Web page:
We all have a desire for attention or to be seen by those that matter to us. This need is rooted in the foundation of our development and ensures our survival. Through our development, we rely on our caregiver’s attention, nurture, and care. However, when we enter adolescence and then adulthood, how we go about getting the attention we inevitably crave becomes more complicated. We are less dependent on others care, and we are no longer just acknowledged for our innate being, due to our cuteness, smallness, and innocence. We go about receiving attention from the things that we are either doing or not doing.

Attention can be given because of the positive aspects of our actions and efforts: being considerate or caring, accomplishing an achievement, being helpful to others, our status among others, or being good at something, but it can also be received for the negative patterns we develop: our problems, failures, reliance on others, relationship challenges, and mistakes. Often this method of receiving attention begins so early, that we are not even conscious of its cycle. For example, a toddler plays quietly in his room and his parents ignore it because they can finally relax and enjoy some solitude. However, then the toddler hits his sister, and his mother stops what she is doing and starts to engage with him, bringing attention to his negative act. This toddler learns that playing quietly and nicely alone does not engage his mom, but being violent and disruptive is a quick way of getting her attention.

If the boy becomes reliant on negative attention for his recognition, the behaviors will adapt into more age-appropriate methods, instead of disappearing as he matures. As a teenager, he may engage in reckless behaviors, such as getting speeding tickets or getting into trouble at school. Going into adulthood, he may constantly lose jobs because mom and dad are quick to react or bail him out every time he lets them know, this one didn’t work out. Negative attention seeking behavior could look like self-sabotage but often results in feeling the support and concern of others. Some people may find that it feels good to be bailed out of their problems. The only time some individuals feel noticed is when they are in a crisis, and somehow, they continue to move from one state of crisis to the next.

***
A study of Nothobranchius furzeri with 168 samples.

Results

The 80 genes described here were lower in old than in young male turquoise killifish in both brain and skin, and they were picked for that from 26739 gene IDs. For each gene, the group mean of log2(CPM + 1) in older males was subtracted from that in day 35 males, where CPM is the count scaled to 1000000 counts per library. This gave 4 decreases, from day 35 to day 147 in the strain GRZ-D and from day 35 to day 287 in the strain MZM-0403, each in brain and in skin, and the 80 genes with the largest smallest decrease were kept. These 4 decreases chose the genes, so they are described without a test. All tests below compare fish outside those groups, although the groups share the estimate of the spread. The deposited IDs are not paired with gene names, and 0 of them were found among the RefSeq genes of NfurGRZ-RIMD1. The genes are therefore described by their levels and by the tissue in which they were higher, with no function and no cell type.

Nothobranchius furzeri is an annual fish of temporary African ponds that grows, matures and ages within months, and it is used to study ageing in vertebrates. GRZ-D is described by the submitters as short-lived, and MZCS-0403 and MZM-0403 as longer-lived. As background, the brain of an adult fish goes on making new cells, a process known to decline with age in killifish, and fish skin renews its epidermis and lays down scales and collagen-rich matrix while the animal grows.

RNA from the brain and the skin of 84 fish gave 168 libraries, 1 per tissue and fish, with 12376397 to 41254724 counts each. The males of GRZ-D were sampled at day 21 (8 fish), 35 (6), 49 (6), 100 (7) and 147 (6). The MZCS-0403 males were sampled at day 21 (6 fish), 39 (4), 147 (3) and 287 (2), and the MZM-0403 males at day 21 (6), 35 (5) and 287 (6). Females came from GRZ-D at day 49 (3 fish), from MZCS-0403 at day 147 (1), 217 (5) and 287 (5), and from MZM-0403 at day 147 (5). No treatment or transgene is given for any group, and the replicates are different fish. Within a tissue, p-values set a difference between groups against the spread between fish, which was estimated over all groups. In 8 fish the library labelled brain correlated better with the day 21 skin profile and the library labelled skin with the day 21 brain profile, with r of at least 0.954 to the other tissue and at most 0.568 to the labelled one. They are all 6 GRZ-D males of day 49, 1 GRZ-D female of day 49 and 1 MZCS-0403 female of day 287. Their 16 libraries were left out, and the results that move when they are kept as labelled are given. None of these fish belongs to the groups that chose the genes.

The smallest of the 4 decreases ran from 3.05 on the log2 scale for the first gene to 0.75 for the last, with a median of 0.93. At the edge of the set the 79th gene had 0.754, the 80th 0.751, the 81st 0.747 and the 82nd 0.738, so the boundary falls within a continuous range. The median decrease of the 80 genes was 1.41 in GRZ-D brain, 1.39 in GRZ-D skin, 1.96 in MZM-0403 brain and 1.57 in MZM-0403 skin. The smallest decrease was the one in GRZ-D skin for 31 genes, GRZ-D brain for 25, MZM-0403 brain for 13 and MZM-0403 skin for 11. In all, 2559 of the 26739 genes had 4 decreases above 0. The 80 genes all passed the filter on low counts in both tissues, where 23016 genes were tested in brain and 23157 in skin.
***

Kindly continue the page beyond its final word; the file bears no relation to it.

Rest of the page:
These principles apply to positive attention or praise, as well. They are often engrained in our drive and desire to achieve things and create success. If we do something well, better than the others, or when we win, we get the blue medal. We hear “you’re amazing”, “you did great”, “I’m proud of you”, and the eyes are all on you. This feels good. However, there comes a point when we can’t always win, and we’re not always the best. Are we able to handle it when the eyes are no longer recognizing us?

Our self-worth cannot stem from the validation of others. If we are not reflecting on what kind of attention we are getting and what motivates us to get it, we are stuck in a never-ending cycle, never really feeling fulfilled. This attention we crave and seek from others throughout our adult life in short lived. Our car won’t always be the newest, our house not always the biggest, someone in our field will eventually pass us up in skill or technique. When we give up this need for attention, we can finally experience peace.

Our patterns of how we learn and how we feel connected are engrained in our programming, and this is why the process of change in challenging. Often our norm throughout our childhood continues to be our norm throughout adulthood, and the norm we pass down to our children and generations to come. These norms can be positive and helpful, but sometime they are not. Sometimes we are stuck in a cycle that does not benefit us or those around us. Maybe they seem like positive things such as a drive to be successful, but then that desire clouds our mind or the ability to be present in relationship. Therapy can be a time of reflection on the patterns that have developed in your life. It is time to observe your own programming and the way this impacts how you engage with others. This process all comes down to a matter of where you direct your attention.